Central Michigan University students, faculty and community members marched peacefully in solidarity with people across the nation in support of Black Lives Matter.

Two marches, both organized by CMU students, were held in Mount Pleasant following the death of George Floyd and many others from police brutality.

"The reason why we are out here today is obviously (because) lots of injustices (are) happening in this country currently," said Mount Pleasant senior Steven Green, who coordinated one of the marches. "They've been happening for a longtime and it's time that we speak up and speak out to try to make a change."

On May 31, a group marched from the corner of Bluegrass Road and Mission Street to Downtown Mount Pleasant chanting "No justice, no peace." The following day, June 1, crowd gathered in front of the CMU Bovee University Center and marched to the Isabella County Sheriff's Department.

Community members lay on the ground with their hands behind their back for nine minutes during the protest on May 31.

After the marches reached their final destinations, protesters laid on the ground with their arms behind their backs chanting "I can't breathe" for nine minutes to represent George Floyd's death at the hands of Minneapolis police officer Derek Chauvin.

Black community members spoke about their own experiences and fears at both protests. People of all races gave their support, both verbally and physically.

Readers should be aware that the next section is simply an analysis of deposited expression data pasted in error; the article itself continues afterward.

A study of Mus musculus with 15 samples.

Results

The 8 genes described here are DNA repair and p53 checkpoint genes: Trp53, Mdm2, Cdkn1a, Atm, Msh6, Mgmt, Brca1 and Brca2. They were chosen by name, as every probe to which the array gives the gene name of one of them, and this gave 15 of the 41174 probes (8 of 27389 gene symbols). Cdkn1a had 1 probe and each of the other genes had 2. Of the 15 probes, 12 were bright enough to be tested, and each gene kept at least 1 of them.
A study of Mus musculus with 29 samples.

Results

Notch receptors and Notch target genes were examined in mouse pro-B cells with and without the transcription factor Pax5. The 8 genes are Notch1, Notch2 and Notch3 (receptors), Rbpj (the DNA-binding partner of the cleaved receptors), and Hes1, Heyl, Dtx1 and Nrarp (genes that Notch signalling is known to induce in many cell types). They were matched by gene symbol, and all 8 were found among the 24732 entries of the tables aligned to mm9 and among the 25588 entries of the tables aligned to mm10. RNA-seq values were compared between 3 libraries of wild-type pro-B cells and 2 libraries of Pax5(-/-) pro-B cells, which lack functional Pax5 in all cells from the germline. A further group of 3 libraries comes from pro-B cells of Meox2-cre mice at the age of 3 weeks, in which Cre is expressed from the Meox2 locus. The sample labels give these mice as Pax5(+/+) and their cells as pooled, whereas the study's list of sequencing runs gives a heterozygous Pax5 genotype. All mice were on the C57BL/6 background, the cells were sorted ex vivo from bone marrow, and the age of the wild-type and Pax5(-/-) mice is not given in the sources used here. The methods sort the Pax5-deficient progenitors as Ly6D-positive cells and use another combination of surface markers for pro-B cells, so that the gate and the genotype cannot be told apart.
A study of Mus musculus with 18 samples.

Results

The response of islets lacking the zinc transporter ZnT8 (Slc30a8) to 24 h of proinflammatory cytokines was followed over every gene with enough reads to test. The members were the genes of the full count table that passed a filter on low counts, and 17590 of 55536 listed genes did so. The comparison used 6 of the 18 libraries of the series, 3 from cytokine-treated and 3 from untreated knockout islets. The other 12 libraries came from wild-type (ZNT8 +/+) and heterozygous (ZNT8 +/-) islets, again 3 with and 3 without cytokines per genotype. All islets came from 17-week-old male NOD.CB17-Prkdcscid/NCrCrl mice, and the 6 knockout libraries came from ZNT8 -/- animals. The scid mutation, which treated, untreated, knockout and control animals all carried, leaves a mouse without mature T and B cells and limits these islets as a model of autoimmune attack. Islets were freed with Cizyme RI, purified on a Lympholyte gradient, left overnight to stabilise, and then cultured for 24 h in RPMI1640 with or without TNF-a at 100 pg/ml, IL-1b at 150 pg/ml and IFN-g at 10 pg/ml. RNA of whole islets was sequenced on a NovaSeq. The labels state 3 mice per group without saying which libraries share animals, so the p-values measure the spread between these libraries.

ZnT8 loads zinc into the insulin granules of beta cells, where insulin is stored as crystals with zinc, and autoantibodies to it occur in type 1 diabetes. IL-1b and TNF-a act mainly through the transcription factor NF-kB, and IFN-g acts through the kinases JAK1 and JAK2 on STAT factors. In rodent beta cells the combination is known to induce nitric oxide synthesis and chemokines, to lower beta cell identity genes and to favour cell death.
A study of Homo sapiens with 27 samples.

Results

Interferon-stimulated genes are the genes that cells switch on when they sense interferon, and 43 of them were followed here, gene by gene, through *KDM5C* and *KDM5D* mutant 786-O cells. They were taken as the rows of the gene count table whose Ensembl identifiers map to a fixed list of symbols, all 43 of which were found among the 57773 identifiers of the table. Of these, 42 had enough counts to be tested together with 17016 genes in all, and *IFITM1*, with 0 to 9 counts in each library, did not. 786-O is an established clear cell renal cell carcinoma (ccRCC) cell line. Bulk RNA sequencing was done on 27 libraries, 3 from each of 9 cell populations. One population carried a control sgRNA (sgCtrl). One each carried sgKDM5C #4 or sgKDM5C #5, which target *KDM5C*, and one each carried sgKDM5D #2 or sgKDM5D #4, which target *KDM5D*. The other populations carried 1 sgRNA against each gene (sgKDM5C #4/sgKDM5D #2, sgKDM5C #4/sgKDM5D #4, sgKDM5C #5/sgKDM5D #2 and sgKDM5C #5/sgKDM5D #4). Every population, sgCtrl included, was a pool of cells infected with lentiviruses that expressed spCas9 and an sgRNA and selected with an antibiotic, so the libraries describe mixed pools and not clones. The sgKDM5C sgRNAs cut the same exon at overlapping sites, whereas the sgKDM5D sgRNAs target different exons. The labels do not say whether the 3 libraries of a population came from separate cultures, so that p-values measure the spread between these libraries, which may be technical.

Two men embrace after laying on the ground with their hands behind their back for nine minutes during the protest on June 1.


"I used to get beat up by the police all the time as a kid, so this has been my whole life story," political science faculty member Sterling Johnson said. "I'm here because my life matters."

CMU President Bob Davies attended and supported protesters at the June 1 march, which started on campus.

"I came out today because we have students take such an active role in righting a wrong, how could you not be here?" Davies said. "I think its important that things like this happen at (CMU) because we are a primarily white institution and the world is not primarily white.

“It is the diversity of ideas, the diversity of thoughts, the diversity of backgrounds that much us a rich population, a rich culture, a rich nation. We need to be able to embrace that togetherness and understand our differences so that we can move forward together."

Police officers block off a street in front of Isabella Bank and Trust during the march on May 31.

On both days, police officers from the Mount Pleasant Police Department and CMU Police Department helped guide the group of protesters and block off roads. 

"The ideal (protest) is what you saw here this afternoon," CMU Police Chief Larry Klaus said. "It's collaboration with the individuals putting the protests together working with law enforcement, so it can be safe for everybody and to also discourage any violence or destruction of property. That's what the model is and we'd hope that Mount Pleasant would serve as that model for cities throughout the state of Michigan."

Both protests remained peaceful with hundreds of attendees. Passing cars honked in support, and pedestrians cheered the crowd on the sidelines.